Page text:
April 14, 1999]


PEOPLE OF THE PHILIPPINES, plaintiff-appellee, vs. JOSELITO DEL ROSARIO y PASCUAL,
accused-appellant.
DECISION
FACTS: The accused-appellant was convicted of the robbery with homicide and sentenced to death. The
conviction of the accused was based on the testimony of a tricycle driver who claimed that the accused
was the one who drove the tricycle, which the suspects used as their get-away vehicle. The accused was
then invited by the police for questioning and he pointed to the location where he dropped off the
suspects. When the police arrived at the supposed hide-out, a shooting incident ensued, resulting to the
death of some of the suspects. After the incident, the accused was taken back to the precint where his
statement was taken on May 14, 1996.However, this was only subscribed on May 22, 1996 and the
accused was made to execute a waiver of detention in the presence of Ex-Judge Talavera. It was noted
that the accused was handcuffed through all this time upon orders of the fiscal and based on the
authorities' belief that the accused might attempt to escape otherwise.
ISSUES: (1) Whether del Rosario was deprived of his rights during custodial investigation at the time he
was invited for questioning at the house of the barangay captain. OR Whether the Miranda rights of the
accused-appellant were violated.
(3) Whether the warrantless arrest of the accused-appellant was lawful.
RULINGS:
(1) YES. Del Rosario was deprived of his rights during custodial investigation. From the time he was
invited" for questioning at the house of the barangay captain, he was already under effective custodial
investigation, but he was not apprised nor made aware thereof by the investigating officers. The police
already knew the name of the tricycle driver and the latter was already a suspect in the robbing and
senseless slaying of Virginia Bernas. Since the prosecution failed to establish that del Rosario had waived
his right to remain silent, his verbal admissions on his participation in the crime even before his actual
arrest were inadmissible against him, as the same transgressed the safeguards provided by law and the
Bill of Rights. Herein like victim Virginia Bernas, del Rosario too was a hapless victim who was forcibly
used by other persons with nefarious designs to perpetrate a dastardly act. Del Rosario's defense of
"irresistible force" has been substantiated by clear and convincing evidence. Del Rosario was threatened
with a gun. He could not therefore be expected to flee nor risk his life to help a stranger. A person under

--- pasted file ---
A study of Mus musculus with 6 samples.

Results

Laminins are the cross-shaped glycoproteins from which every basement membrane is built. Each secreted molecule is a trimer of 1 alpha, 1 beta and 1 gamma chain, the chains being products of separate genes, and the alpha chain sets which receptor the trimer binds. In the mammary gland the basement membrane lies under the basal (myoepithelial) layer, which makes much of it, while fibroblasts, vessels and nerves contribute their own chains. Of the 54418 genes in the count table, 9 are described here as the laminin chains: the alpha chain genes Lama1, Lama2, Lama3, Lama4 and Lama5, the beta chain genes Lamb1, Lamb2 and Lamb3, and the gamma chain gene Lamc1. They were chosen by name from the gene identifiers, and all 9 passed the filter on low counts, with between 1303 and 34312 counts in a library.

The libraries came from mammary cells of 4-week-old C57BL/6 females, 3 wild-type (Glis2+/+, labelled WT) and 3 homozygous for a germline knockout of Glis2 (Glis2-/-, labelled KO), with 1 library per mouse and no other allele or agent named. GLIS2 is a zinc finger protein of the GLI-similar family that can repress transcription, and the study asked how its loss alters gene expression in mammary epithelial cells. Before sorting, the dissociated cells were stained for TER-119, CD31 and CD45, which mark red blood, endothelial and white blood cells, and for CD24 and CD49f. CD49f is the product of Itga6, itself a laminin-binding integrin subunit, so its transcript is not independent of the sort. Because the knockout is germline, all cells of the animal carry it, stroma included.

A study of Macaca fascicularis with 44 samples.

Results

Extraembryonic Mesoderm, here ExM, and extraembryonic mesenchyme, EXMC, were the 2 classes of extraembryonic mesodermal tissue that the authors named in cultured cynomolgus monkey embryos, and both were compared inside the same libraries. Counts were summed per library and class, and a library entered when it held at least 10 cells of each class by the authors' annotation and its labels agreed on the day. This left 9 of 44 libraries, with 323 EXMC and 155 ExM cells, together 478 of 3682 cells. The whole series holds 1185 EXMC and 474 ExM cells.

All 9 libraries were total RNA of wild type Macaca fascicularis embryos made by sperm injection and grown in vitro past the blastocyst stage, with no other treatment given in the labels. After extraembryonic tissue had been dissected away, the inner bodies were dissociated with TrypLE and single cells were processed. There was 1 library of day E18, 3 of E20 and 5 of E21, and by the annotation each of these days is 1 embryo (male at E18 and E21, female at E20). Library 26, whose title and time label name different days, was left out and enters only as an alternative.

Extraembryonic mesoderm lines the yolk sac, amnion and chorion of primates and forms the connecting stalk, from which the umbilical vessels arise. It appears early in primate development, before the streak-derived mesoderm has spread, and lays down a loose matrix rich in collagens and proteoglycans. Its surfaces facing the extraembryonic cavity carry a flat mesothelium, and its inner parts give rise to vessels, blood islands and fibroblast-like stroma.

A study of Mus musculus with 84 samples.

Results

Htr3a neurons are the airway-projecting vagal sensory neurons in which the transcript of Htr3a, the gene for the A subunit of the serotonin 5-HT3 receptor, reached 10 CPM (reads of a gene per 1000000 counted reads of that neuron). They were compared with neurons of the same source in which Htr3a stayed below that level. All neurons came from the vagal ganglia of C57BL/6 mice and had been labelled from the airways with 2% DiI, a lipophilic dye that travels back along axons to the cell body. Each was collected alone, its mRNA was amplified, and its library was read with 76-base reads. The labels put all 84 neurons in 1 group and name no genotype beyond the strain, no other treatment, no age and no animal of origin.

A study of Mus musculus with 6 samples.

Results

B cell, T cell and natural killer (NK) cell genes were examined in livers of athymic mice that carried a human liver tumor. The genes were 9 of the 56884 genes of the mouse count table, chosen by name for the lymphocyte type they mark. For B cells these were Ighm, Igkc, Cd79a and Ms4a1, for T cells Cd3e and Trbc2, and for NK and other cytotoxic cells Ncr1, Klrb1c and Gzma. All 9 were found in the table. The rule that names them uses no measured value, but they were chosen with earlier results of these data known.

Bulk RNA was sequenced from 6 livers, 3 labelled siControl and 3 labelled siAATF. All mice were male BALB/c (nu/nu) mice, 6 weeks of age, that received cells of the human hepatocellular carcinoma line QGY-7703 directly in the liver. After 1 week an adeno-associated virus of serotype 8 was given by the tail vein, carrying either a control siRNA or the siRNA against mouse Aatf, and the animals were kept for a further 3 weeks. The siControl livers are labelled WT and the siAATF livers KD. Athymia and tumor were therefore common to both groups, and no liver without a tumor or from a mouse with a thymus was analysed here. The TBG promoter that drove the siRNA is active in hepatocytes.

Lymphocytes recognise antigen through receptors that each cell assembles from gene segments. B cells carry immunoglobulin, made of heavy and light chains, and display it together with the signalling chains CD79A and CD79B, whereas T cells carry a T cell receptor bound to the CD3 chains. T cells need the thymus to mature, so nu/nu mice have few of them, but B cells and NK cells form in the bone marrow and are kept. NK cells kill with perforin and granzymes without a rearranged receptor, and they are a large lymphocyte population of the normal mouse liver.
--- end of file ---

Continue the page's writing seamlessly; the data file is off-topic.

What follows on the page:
the same circumstances would be more concerned with his personal welfare and security rather than the
safety of a person whom he only saw for the first time that day. On the other hand, conspiracy between
him and his co-accused was not proved beyond a whimper of a doubt by the prosecution, thus clearing
del Rosario of any complicity in the crime charged.
OR
(1) YES. It was established that the accused was not reviewed of his rights to remain silent and to have
competent and independent counsel in the course of the investigation. The Court held that the accused
should always be appraised of his Miranda rights from the moment he is arrested by the authorities as
this is deemed the start of custodial investigation. In fact, the Court included invitations by police officers
in the scope of custodial investigations. It is evident in this case that when the police invited the accusedappellant to the station, he was already considered as the suspect in the case. Therefore, the questions
asked of him were no longer general inquiries into an unsolved crime, but were intended to elicit
information about his participation in the crime. However, the Miranda rights may be waived, provided that
the waiver is voluntary, express, in writing and made in the presence of counsel. Unfortunately, the
prosecution failed to establish that the accused made such a waiver.
(For issue number 2) NO. There are certain situations when authorities may conduct a lawful
warrantless arrest: (1) when the accused is caught in flagrante delicto; (2) when the arrest is made
immediately after the crime wasc ommitted; and (3) when the one to be arrested is an escaped convict.

The arrest of the accused in this case did not fall in any of these exceptions. The arrest was not
conducted immediately after the consummation of the crime; rather, it was done a day after. The
authorities also did not have personal knowledge of the facts indicating that the person to be arrested had
committed the offense because they were not there when the crime was committed. They merely relied
on the account of one eyewitness. Unfortunately, the warrantless arrest was not lawful; this did not affect
the jurisdiction of the Court in this case because the accused still submitted to arraignment despite the
illegality of his arrest. In effect, he waived his right to contest the legality of the warrantless arrest.